Shen Beauty’s Jessica Richards: Let the consumer choose ‘to shop toxic, organic or clean’


“It was 100% the mission and the proposition of Shen from day one to import products that were not sold in the U.S. — that my friends, family, everybody always wanted — and to focus on and only sell organic and natural [products],” said Richards. She opened Shen Beauty in Brooklyn in 2010, when the borough was still a beauty desert of sorts.

Although Sephora is now filled with a mix of both heritage and indie beauty brands, at the time, consumers were more focused on “brand recognition and buying from marketing” in magazines, Richards said. To appeal to the brand-focused consumer audience at the time, she brought Bobbi Brown products into the store, which “made people more confident and OK with shopping brands that they had never heard of before.”

Simultaneously, “[customers] also wanted the heavy payoff of the pigments that mainly come from non-clean beauty brands,” said Richards. “That was the catalyst for me in realizing that people want organic, natural, clean — whatever you call it. But they [also] want results.” 

Moving forward, while Richards doesn’t have an interest in opening up any more store locations in New York, she does plan to open brick-and-mortar in California and to launch a “full site rebuild” next year. Regardless of whether customers shop on the East Coast, the West Coast or online, Richards plans to maintain a focus on “showcasing products and giving the consumer the understanding of what it will do to their skin and how it will help them.”

“[It’s] an interesting thing to see a woman feel better about themselves after buying products,” said Richards.

Below are additional highlights from the conversation, which have been lightly edited for clarity.

Letting the customer choose
“It’s important to let the consumer make the choice and to not make the choice for them. And we sell all of the above: We have hair-care products with no sulfates, we have hair-care products with sulfates. At the end of the day, what I believe — and I think most women would feel this way — that if you feel good about yourself and the way you look, you automatically feel better inside. I know that can sound superficial, but it’s not. I feel so much better after I get my hair dyed; it’s such a simple thing… Think about all the stuff currently going around about sun care: ‘Is SPF worth it?’ and ‘Don’t wear sun care [because] it’s worse than being in the sun.’ We all know that’s not true. But again, there are people who believe that, and they’re going in on that strong. But it’s [about] embracing who you are and being able to shop toxic, organic or clean, and defining your own sets of rules and what’s right for you.”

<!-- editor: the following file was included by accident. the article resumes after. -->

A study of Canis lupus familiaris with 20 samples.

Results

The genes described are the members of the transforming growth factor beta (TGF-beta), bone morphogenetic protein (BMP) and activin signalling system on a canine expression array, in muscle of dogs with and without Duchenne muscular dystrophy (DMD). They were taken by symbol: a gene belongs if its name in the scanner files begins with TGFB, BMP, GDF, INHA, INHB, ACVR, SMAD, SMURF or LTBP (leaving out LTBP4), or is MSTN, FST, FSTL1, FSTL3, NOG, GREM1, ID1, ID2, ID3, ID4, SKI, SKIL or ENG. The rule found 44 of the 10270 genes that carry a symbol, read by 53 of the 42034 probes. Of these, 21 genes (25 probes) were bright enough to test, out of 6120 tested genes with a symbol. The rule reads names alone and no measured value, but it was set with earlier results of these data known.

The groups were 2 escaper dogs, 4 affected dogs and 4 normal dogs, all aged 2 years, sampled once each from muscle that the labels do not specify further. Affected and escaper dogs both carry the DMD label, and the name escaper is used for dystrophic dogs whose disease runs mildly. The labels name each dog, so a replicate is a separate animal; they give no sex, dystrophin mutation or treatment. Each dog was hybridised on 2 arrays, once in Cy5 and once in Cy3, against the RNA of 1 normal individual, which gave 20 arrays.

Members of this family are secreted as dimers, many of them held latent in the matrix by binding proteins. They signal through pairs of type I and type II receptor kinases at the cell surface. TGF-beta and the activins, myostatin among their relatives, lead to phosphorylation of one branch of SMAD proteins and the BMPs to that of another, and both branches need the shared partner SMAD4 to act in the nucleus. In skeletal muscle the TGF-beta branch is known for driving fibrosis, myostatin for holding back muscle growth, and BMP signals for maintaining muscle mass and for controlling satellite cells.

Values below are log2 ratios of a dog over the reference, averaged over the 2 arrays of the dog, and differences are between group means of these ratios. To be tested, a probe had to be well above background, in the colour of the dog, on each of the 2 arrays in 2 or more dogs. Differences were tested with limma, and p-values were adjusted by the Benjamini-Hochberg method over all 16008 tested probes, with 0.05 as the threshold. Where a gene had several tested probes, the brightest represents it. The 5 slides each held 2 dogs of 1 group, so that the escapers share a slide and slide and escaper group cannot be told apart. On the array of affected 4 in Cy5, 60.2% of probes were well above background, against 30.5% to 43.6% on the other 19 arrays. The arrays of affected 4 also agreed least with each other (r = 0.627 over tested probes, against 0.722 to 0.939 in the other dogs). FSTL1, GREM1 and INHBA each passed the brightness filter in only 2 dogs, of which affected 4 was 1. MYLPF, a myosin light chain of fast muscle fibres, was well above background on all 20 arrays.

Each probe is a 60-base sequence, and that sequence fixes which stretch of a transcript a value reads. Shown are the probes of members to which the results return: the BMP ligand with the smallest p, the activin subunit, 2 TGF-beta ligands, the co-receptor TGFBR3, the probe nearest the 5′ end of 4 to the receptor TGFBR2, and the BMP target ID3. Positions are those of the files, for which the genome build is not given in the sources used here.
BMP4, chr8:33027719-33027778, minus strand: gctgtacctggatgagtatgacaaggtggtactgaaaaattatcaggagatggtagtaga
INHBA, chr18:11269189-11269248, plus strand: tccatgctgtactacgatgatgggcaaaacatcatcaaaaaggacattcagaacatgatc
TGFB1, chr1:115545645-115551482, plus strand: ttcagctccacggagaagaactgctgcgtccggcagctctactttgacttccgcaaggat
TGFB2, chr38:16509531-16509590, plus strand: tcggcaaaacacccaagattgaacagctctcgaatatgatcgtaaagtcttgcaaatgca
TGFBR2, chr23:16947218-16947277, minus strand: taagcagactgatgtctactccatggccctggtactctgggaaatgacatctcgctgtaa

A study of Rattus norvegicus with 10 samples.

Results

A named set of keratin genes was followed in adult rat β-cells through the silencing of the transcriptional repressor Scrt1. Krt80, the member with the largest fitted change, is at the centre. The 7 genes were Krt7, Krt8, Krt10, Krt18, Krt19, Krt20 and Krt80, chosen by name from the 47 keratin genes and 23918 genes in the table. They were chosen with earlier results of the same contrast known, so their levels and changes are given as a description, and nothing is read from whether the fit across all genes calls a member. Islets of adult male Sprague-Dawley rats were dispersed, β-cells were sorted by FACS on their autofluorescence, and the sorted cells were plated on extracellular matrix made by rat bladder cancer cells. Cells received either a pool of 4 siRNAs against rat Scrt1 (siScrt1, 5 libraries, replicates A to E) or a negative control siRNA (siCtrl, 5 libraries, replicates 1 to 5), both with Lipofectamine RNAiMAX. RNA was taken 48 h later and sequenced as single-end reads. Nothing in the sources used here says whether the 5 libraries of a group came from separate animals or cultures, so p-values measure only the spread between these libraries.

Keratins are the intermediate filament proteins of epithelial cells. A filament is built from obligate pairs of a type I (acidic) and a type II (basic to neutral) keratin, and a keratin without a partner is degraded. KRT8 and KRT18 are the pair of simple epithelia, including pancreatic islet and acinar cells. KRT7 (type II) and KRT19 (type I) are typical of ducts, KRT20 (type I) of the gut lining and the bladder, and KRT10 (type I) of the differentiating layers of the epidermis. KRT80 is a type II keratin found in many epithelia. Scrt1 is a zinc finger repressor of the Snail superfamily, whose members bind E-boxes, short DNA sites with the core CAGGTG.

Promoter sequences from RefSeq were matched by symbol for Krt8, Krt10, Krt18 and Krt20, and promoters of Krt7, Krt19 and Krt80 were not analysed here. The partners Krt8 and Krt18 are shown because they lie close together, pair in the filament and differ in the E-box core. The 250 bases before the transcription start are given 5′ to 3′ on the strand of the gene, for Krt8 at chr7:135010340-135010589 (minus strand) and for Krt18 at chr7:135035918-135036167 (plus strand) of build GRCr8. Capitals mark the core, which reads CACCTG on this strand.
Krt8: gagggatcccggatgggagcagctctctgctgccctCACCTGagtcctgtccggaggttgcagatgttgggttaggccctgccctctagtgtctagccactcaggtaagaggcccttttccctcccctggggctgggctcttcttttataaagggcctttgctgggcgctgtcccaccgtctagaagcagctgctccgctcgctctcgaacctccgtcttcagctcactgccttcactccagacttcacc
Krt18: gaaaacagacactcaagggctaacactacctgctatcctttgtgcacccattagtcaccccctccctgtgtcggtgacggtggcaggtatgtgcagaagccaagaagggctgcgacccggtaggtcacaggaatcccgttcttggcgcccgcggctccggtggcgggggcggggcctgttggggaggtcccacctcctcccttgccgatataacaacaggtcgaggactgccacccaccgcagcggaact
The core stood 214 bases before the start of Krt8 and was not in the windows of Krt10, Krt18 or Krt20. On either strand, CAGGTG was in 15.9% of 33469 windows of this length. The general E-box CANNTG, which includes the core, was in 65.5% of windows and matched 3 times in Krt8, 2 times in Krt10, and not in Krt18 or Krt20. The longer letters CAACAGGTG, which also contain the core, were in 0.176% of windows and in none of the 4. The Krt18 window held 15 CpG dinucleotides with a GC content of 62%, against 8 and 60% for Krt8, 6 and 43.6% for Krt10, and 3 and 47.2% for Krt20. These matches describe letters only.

Catering to the ‘flexitarian’ woman
“My [customer] is me. I would say she is — I’ve taken this word from the food industry and moved it into beauty — flexitarian. She is the woman who goes to Whole Foods and spends $600 on all organic groceries for her family. She still goes out to dinner with her friends, and she likes to have a cocktail and her fancy workout class. She likes a little bit of Botox and is not afraid to say it, because it makes her feel good about herself. And it’s interesting, because when I first opened the store, none of those people were in Brooklyn yet. And so we had a lot of Manhattan people taking their cars to Brooklyn to come to shop with us, because we didn’t have a big online presence. Now our e-commerce customers are very similar to our in-store customers.”

The exclusivity game
“[Brands] are incredibly reticent to take on exclusivity. They keep going to, ‘We’ll give you the online exclusive or the New York exclusive.’ And I say, ‘That’s not how this works. Exclusive is exclusive, other than your own website or your own brick-and-mortar store.’ What I do well is find newness from around the world, not just in the U.S., and harness those brands and tell their story. So I become their voice for launching in the U.S. to a specific targeted group of people that are beauty advocates on TikTok, on Instagram. But exclusivity is one of the hardest things nowadays, [whereas] every single brand when I launched [in 2010] was exclusive.”